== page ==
The lungs have some muscle behind them. The diaphragm, intercostal (between the ribs) muscles, and muscles in the abdomen, neck and collarbone help the lungs expand and contract.
Respiratory Care Technology
It may seem like texting friends or checking your Facebook page is so automatic you don't think about it. Breathing really is like that. It is an involuntary reflex.
No breathing, no oxygen and the body starts shutting down. Diseases like lung cancer and asthma compromise the body’s ability to get oxygen,
and Respiratory Therapists work with doctors and other health care professionals to help people breathe and get more oxygen into their systems.
Did you know?
The lungs are the only organs in the human body that can float.
We breathe about 25,000 times a day, taking in between 2,100 and 2,400 gallons of air.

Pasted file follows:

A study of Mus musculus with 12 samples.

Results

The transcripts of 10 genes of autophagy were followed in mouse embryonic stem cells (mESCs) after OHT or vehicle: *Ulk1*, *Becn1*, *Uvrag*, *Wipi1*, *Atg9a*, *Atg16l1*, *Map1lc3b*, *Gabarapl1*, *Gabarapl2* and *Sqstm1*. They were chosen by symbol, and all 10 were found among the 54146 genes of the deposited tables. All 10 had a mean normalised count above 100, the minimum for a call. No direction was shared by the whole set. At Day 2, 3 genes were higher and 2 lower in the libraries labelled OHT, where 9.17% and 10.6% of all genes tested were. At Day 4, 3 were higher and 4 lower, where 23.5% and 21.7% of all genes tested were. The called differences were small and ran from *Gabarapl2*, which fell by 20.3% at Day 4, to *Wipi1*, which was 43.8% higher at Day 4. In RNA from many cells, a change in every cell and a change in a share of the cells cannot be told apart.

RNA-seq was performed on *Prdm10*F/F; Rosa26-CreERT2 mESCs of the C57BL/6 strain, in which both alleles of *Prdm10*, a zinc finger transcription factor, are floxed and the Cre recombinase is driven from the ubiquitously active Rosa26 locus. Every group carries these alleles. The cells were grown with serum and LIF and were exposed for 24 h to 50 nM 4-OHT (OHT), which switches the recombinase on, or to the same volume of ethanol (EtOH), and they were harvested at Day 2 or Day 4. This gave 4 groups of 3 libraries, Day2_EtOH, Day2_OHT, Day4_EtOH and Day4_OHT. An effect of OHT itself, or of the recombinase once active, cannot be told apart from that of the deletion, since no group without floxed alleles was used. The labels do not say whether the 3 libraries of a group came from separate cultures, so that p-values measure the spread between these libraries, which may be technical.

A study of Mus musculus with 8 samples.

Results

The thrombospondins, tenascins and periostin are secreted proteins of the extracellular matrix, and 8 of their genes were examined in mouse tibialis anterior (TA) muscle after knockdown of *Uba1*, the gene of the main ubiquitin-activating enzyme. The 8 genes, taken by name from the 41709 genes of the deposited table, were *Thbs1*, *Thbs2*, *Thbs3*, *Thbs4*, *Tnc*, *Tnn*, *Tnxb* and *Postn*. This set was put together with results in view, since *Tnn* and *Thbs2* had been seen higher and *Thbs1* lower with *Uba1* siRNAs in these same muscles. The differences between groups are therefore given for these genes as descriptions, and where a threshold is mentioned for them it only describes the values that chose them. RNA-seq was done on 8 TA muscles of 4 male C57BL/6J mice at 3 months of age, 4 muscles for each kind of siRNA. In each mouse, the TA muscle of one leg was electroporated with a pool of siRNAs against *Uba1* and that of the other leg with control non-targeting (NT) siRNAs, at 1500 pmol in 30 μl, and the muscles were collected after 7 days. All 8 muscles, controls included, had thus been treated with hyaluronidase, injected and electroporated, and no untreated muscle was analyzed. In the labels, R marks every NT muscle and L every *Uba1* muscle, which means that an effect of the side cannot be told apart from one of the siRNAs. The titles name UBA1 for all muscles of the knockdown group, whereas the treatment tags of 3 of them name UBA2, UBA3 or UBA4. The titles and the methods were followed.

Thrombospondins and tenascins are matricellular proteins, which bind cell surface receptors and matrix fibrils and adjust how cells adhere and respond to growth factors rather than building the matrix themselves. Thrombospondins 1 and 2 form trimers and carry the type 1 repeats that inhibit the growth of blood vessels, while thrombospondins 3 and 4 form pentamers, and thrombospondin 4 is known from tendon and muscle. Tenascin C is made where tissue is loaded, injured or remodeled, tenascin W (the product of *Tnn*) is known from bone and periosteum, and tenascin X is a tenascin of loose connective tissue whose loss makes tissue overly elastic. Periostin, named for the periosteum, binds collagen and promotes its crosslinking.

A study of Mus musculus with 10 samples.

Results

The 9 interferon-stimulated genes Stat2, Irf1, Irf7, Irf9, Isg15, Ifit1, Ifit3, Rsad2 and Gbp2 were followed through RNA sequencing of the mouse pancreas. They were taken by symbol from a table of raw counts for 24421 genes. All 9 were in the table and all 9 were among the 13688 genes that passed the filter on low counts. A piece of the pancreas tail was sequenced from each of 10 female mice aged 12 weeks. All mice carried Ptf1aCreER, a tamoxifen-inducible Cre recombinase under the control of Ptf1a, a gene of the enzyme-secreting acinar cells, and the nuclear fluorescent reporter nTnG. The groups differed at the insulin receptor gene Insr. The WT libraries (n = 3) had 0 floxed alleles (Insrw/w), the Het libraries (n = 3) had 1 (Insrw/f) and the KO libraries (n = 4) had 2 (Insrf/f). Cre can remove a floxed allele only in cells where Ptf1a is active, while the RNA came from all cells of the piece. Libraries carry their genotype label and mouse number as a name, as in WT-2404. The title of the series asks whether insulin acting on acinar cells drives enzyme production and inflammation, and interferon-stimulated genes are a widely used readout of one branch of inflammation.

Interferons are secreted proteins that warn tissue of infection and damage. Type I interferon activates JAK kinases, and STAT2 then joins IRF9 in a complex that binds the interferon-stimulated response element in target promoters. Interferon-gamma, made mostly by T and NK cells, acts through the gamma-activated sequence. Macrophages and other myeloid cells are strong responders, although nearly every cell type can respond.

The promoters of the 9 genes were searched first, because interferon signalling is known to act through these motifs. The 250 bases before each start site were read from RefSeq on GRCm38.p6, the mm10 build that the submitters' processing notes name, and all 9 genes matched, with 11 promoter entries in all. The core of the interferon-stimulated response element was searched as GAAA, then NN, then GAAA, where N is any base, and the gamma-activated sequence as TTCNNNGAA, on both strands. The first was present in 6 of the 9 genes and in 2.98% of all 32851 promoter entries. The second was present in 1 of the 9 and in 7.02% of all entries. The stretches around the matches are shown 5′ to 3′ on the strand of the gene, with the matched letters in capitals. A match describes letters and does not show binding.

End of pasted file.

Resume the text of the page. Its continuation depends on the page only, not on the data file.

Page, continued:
Lungs contain millions of tiny air sacs call alveoli. Their total surface area is the size of a tennis court.
The number of times a person breathes each minute changes with age. A newborn takes 40 to 50 breaths each minute. The rate drops to about 25 by age 5.
Activity changes breathing, too. Resting, a normal adult breathes 14 to 16 times each minute. Exercise can increase that to more than 60 breaths per minute.
One way to measure whether someone is getting enough oxygen is a blood test that shows the rate oxygen and other gases in the air pass between the lungs and the bloodstream.
The brain detects changes in oxygen concentration and controls the rate of breathing. The brain also is the first organ to suffer when the body doesn’t get enough oxygen.